Shin Splints or Medial Tibial Stress Syndrome (MTSS) is a common injury that affects runners of all ages and levels. Lets take a closer look at how you can recognise and best manage MTSS:
• This is an injury located at the lower end of the shin bone and behind the inside border of the tibia bone
• Stress fractures account for 16% of injuries experienced by runners(1), 23% of these stress fractures occur in the tibia (shin bone)(2)
• Early recognition and accurate diagnosis is key: History, recognition of site of pain and biomechanical overload, imaging helps stage severity and return to sport
• Runners present with pain and tenderness to touch the medial (inside) shaft of the tibia, this becomes worse with exercise.
• MRI is best diagnostic tool, allowing concurrent bony and soft tissue evaluation, MRI can also stage medial tibial stress syndrome(3). Bone scans (scintigraphy) are also highly sensitive however associated radiation exposure is a disadvantage.
Fredericson MRI classification for tibial stress fractures(4):
|Grade 1: periosteal edema only
Grade 2: bone marrow edema visible on T2-weighted images
Grade 3: bone marrow edema visible on T1- & T2-weighted images
Grade 4: intracortical signal abnormalities
• Most stress fractures heal within 8 weeks through conservative treatment (exercise alteration, exercise rehabilitation, and manual therapy)
• Avoid nonsteroidal anti-inflammatory drugs (NASIDs) such as Nurofen (ibuprofen) and Voltaren (diclofenac), these delay bone healing.
|Phase 1||Phase 2 (2 weeks after walking pain free)|
|• Rest of the area
• Maintain aerobic fitness
• Manual therapy
• Light local strength training of the effected area
|• Whole body muscular endurance training 2-3 times per week eg. sets of 25 calf raises
• Gait analysis and retraining
• Core/pelvic control
• Return to running beginning at 30-50% of the pre-injury distance at reduced intensity. This should not increase by more than 10% in distance or pace each week.
• Successful rehabilitation and prevention of recurrence:
|Biomechanical overload||Gait analysis||Running retraining, strength training|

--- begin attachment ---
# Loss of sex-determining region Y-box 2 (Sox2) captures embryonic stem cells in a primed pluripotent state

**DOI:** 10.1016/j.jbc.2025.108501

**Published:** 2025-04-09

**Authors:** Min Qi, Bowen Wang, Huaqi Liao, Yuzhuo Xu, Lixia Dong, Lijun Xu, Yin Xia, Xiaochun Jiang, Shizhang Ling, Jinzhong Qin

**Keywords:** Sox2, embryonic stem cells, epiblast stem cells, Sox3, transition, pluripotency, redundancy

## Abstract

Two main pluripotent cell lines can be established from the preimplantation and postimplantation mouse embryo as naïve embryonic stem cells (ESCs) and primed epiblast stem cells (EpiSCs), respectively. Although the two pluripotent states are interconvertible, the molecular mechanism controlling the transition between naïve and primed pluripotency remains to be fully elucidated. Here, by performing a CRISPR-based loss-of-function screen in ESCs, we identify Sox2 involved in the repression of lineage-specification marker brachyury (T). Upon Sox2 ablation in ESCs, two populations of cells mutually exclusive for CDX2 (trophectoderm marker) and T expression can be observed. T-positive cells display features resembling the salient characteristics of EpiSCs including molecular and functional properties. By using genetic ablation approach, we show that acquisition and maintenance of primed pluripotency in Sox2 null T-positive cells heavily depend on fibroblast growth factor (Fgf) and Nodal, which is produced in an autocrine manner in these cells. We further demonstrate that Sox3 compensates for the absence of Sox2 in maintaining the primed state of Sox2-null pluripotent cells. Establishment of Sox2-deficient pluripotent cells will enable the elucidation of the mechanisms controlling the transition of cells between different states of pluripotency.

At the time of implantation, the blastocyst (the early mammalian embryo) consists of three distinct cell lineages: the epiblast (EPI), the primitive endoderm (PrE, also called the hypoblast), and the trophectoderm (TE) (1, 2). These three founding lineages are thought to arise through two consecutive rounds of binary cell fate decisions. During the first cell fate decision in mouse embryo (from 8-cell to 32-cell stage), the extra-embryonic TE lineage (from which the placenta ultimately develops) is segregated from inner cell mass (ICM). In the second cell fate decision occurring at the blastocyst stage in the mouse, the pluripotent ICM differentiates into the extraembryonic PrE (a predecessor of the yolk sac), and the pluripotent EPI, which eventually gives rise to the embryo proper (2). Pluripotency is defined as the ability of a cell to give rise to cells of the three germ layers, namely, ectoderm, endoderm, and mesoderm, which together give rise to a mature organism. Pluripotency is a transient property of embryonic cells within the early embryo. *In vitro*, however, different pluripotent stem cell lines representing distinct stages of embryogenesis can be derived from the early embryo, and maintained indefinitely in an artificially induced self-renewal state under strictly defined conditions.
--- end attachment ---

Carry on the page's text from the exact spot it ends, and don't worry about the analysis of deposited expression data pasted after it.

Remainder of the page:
|Training overload||Training history||Implement training plan|
• Avoiding hills early on in recovery reduces risk of incurring stress fractures.
• Including periods of cross training or water running helps avoid tissue overload in return to running.
• Nutrition is important when healing stress factures and requires adequate calcium and vitamin D.
Dorsi Flexion Decelerating Muscles:
Soleus – bent knee calf raises, 2 legs, the 1 leg, increased weight, increased speed into hopping
Gastrocnemius – straight knee calf raises 2 legs, 1 leg, hopping
Foot strengthening: – theraband toe flexion, standing raises to ball of foot
Eversion control muscles:
Tibialis posterior – theraband inversion resistance
Gluteus maximus – bridge, hip thrust, Bulgarian split squat, deadlift, overhead rotation lunge
In addition, feel free to check other blogs from our experienced practitioners such as what is the posterior chain which we hope will add a lot of value.
About the Author
Dr. Brendan O’Loughlin is a Co-director and Osteopath at the Competitive Sports Clinic located in the Essendon District, Melbourne Brendan has a keen interest in sports injuries, exercise rehabilitation and cycling and analysis.
1. Chen YT, Tenforde AS, Fredericson M. Update on stress fractures in female athletes: epidemiology, treatment, and prevention. Curr Rev Musculoskelet Med. 2013;6(2):173–181.
2. McCormick F, Nwachukwu BU, Provencher MT. Stress fractures in runners. Clin Sports Med. 2012;31(2):291–306.
3. Kahanov, L., Eberman, L. E., Games, K. E., & Wasik, M. Diagnosis, treatment, and rehabilitation of stress fractures in the lower extremity in runners. Open acc j sports med. 2015; 6:87-95.
4. Fredericson M, Bergman AG, Hoffman KL, Dillingham MS. Tibial stress reaction in runners. Correlation of clinical symptoms and scintigraphy with a new magnetic resonance imaging grading system. Am J Sports Med. 1995;23(4):472–481.